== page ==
Adult Dog Training – Do Not Forget The 2 Second Rule

One morning, like most other mornings I was taking our Jack Russell, Zippy, for her run, nothing unusual in that. She is mad about balls so as usual she was carrying one in her mouth. We are lucky enough to live opposite a large Green and she will spend hours given the chance letting me throw and her chase the ball all over it. You might say that this is the only reason that she wants to go for a walk, simply to fetch her ball.

We have to cross the road in front of our house to get to the Green on the other side. There are always parked cars on our side of the road. This particular morning, while we were waiting at the kerb to cross, Zippy managed to drop the ball. It rolled right under one of the parked cars. We could both see it but neither of us could get to it from any direction because it was exactly in the middle of the car. I needed a stick or something but I was in a hurry so we proceeded across the road.

Now here’s the interesting bit. Even though Zippy is an intelligent, well trained and bright little dog who had clearly seen her ball lost under the parked car, while we were on the Green she still continually pestered me to throw the non-existent ball. So why didn’t she remember that the ball was lost under the car?

Well this clearly illustrates the big difference between the way our brain works compared with that of a dog. Dogs do not primarily remember things by recall or work things out as we do. They live in the present and what ‘memories’ they have are based upon association. In the example above, by the time Zippy had reached the Green she had forgotten that her ball was under the car but she continually pestered me for it because she associated the Green with playing fetch.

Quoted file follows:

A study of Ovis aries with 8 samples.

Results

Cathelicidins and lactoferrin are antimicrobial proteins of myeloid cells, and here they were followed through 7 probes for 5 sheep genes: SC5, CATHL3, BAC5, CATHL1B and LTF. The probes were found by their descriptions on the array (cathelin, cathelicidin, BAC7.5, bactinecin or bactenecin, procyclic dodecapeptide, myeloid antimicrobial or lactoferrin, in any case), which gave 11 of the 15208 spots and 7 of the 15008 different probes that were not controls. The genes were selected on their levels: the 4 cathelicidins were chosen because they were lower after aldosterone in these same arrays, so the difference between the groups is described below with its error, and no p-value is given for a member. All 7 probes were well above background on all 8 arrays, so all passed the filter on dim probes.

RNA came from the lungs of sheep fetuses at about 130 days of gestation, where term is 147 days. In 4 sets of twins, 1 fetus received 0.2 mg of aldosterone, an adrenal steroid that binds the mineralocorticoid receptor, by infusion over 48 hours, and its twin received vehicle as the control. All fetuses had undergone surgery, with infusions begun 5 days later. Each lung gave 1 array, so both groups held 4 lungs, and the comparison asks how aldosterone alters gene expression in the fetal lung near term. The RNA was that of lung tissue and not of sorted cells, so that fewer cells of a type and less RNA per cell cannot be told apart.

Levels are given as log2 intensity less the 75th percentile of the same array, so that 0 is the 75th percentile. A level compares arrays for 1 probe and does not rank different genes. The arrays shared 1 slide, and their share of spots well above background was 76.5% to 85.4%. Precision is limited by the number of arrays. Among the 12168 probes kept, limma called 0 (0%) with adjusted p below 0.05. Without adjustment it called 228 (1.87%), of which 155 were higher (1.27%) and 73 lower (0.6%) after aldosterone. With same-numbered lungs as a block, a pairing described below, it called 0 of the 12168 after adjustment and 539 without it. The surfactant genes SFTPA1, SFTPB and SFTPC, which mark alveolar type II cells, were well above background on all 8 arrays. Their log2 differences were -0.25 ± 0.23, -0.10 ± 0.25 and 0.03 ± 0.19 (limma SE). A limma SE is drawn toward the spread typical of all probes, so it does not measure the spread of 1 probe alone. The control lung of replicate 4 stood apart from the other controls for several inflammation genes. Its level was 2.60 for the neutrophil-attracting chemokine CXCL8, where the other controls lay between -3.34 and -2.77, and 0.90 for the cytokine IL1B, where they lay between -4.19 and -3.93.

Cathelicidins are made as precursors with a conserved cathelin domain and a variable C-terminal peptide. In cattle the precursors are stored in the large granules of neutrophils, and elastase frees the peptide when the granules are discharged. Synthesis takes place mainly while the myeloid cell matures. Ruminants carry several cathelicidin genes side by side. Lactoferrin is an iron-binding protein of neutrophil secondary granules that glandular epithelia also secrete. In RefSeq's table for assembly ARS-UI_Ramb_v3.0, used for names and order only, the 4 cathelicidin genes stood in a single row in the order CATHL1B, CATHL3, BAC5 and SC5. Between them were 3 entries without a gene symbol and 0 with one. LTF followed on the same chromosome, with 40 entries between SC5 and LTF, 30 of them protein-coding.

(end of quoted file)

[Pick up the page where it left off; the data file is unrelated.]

Dogs think in concrete terms. It is very much action = consequence for them and as a result a dog is likely to repeat actions that are rewarded and avoid actions that are ignored or discouraged. You probably recognise this as the basis of all dog training.

Because a dog’s recall ability is rubbish, training a dog involves creating the right associations by getting your dog to perform an action and immediately rewarding him with a treat or praise.

There is one very important thing to remember. In order to successfully make this association the time between the dog’s action and his reward cannot be more than 2 seconds. This can cause problems, for instance, suppose you are teaching your dog to sit but you are a bit slow to praise him and in fact by the time you do he is standing up again. The danger is that you have reinforced the stand up rather than the sit.

So you can see that it is very easy to confuse a dog during training and it is very important to instantly encourage wanted behaviour with praise or a treat.